In today’s competitive marketplace, companies are only as good as their people. The best companies get that and have unique hiring processes to hire people who are aligned culturally with their company’s brand promise.
But, so many companies don’t. How many times do you encounter those in the service profession (such as retail associates, telephone customer service representatives, and fast food workers) to be uninterested, not helpful and lacking in empathy. Why is that so hard? And why do we put up with it?
Ted Cohn wrote a book called Why are you Making it So Hard for me to Give You My Money? He points out that even when you want to do business, the person on the other end of the transaction is just putting in the hours, not trying to make a sale, please a customer or grow the business.
Enterprise Rent-A-Car makes it clear to all employees that the only path to promotion is satisfied and loyal customers. How can Chick-fil-A employ polite and attentive servers when others hire people that are clearly bored and underwhelmed with the opportunity to serve you? Who is to blame? The employee or the one who hired them, trained them and put them in place to “serve” the customer?
Many companies say they have exceptional customer service. The question is, “What are they doing to deliver it?” If none of their business practices or policies are unique—hiring practices, training commitment, and a distinctive culture and set of expectations—it is a reasonable indication that it is more lip service than a strategic commitment.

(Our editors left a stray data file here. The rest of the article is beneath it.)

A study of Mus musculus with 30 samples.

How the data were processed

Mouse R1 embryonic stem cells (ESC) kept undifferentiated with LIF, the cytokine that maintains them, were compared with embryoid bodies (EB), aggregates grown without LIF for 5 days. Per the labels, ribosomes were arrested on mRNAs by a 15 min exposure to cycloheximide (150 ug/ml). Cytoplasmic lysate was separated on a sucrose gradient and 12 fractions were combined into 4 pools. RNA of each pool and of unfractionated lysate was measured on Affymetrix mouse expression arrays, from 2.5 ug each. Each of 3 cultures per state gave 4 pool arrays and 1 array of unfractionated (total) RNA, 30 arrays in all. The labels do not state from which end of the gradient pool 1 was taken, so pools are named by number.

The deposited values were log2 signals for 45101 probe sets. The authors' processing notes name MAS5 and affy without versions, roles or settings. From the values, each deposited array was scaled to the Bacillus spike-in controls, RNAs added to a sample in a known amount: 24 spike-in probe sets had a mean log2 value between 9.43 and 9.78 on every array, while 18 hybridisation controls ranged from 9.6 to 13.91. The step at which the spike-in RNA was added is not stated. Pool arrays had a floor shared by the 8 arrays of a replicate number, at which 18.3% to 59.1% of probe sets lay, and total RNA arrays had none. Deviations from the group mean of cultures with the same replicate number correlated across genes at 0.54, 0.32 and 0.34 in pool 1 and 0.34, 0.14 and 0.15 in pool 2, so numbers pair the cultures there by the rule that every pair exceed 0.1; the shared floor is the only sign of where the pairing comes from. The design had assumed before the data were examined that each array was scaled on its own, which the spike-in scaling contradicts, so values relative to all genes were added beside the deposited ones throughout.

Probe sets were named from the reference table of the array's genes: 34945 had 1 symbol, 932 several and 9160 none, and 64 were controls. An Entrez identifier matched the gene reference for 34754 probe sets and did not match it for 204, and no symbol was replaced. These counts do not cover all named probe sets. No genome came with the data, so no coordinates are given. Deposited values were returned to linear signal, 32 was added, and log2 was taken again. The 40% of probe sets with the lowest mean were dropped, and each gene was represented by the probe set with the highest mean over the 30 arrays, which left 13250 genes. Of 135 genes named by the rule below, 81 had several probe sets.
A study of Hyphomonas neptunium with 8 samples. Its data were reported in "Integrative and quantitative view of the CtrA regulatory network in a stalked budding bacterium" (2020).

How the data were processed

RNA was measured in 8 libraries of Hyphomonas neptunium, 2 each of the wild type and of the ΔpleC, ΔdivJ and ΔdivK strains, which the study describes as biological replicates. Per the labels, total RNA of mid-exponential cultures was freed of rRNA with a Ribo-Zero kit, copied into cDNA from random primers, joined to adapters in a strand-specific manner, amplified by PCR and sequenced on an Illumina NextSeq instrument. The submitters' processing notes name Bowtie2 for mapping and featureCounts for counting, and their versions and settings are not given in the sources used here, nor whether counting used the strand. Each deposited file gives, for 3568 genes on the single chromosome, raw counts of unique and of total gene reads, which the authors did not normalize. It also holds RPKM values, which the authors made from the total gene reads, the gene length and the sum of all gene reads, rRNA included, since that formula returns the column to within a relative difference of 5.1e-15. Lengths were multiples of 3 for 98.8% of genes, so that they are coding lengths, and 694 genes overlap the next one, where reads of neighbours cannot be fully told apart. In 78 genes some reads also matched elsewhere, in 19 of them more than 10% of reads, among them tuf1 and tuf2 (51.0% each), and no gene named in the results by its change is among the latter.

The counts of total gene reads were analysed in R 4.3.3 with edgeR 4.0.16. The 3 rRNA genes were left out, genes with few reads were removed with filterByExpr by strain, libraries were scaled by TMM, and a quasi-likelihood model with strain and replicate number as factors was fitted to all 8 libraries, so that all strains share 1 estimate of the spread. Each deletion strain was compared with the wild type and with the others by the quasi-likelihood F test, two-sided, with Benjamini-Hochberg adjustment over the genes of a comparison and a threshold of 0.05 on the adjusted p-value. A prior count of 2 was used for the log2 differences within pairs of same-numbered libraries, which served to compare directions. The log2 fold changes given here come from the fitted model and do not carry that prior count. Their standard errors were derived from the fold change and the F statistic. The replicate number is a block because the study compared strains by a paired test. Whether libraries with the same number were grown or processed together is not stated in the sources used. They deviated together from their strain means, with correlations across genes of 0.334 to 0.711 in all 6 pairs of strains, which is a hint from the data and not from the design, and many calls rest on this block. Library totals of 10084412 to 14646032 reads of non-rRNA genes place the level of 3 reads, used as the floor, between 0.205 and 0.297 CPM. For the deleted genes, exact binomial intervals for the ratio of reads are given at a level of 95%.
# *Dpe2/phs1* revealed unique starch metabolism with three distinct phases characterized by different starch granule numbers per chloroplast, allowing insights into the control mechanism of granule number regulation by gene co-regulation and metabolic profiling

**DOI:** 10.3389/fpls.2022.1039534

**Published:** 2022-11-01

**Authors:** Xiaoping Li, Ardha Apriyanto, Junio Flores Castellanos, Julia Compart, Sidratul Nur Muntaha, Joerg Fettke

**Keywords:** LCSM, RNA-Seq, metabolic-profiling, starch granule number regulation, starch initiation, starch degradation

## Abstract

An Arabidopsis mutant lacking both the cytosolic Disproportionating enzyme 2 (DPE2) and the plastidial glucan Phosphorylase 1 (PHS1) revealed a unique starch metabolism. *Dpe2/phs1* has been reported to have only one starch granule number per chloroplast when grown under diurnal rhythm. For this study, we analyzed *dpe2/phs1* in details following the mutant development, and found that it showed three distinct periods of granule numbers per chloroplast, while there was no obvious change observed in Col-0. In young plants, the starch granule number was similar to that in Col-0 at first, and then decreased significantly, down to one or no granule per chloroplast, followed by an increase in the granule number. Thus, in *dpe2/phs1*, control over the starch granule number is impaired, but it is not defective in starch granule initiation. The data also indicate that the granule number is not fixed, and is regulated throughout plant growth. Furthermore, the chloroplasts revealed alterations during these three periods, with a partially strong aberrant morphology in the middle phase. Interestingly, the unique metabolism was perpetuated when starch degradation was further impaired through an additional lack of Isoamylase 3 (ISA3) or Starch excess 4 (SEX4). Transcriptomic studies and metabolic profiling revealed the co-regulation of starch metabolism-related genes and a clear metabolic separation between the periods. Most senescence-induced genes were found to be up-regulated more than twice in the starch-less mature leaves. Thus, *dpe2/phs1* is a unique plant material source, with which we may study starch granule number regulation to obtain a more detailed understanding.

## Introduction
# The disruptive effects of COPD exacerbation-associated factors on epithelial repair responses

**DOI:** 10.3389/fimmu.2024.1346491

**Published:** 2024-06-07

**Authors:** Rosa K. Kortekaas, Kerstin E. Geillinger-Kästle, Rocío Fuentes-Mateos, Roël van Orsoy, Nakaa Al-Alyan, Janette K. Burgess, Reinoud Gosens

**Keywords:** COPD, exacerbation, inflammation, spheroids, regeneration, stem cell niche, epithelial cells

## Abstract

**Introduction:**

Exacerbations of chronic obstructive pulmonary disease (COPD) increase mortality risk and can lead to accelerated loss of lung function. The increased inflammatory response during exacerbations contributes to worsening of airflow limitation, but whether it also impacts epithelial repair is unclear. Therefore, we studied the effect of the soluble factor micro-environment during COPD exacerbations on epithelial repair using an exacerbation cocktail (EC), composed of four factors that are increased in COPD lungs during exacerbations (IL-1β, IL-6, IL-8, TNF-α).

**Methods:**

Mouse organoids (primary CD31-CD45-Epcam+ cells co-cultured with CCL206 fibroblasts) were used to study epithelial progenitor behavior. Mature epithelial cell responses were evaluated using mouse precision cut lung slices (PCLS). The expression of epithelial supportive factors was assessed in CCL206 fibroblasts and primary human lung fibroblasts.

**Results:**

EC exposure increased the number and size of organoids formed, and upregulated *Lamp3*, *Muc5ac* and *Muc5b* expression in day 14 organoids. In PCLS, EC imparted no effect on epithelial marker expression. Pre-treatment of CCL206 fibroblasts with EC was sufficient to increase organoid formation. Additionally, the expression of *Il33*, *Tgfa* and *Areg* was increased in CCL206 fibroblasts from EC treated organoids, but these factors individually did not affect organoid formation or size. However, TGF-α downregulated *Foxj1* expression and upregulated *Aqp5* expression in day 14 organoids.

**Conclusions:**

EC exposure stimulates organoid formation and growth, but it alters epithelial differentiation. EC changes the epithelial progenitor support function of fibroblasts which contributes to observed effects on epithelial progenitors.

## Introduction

What is your situation? Answer these questions:
- Do you have a unique set of criteria or process by which you hire employees that is executed at all locations?
- Do you have employees who will consistently deliver the desired behavior, even if the manager isn’t watching?
- Do you have a process in place to know what your customer loyalty rate is and why?
- Do employees get rewarded for great service?
- Do you empower employees to solve problems and satisfy customers?
If you answer “yes” to these questions, then you have ambassadors for your business. If not, you have employees—some of whom may be a bigger liability than you realize. It is hard to count how many times someone doesn’t come back or how much they don’t buy because they were upset about something. Yet, we know we have all walked away in disappointment because of a poor experience badly handled.
The new show Undercover Boss demonstrates the advantages of seeing your business from your employees’ eyes. It is equally important to see your business from your customers’ eyes. Both can be highly revealing.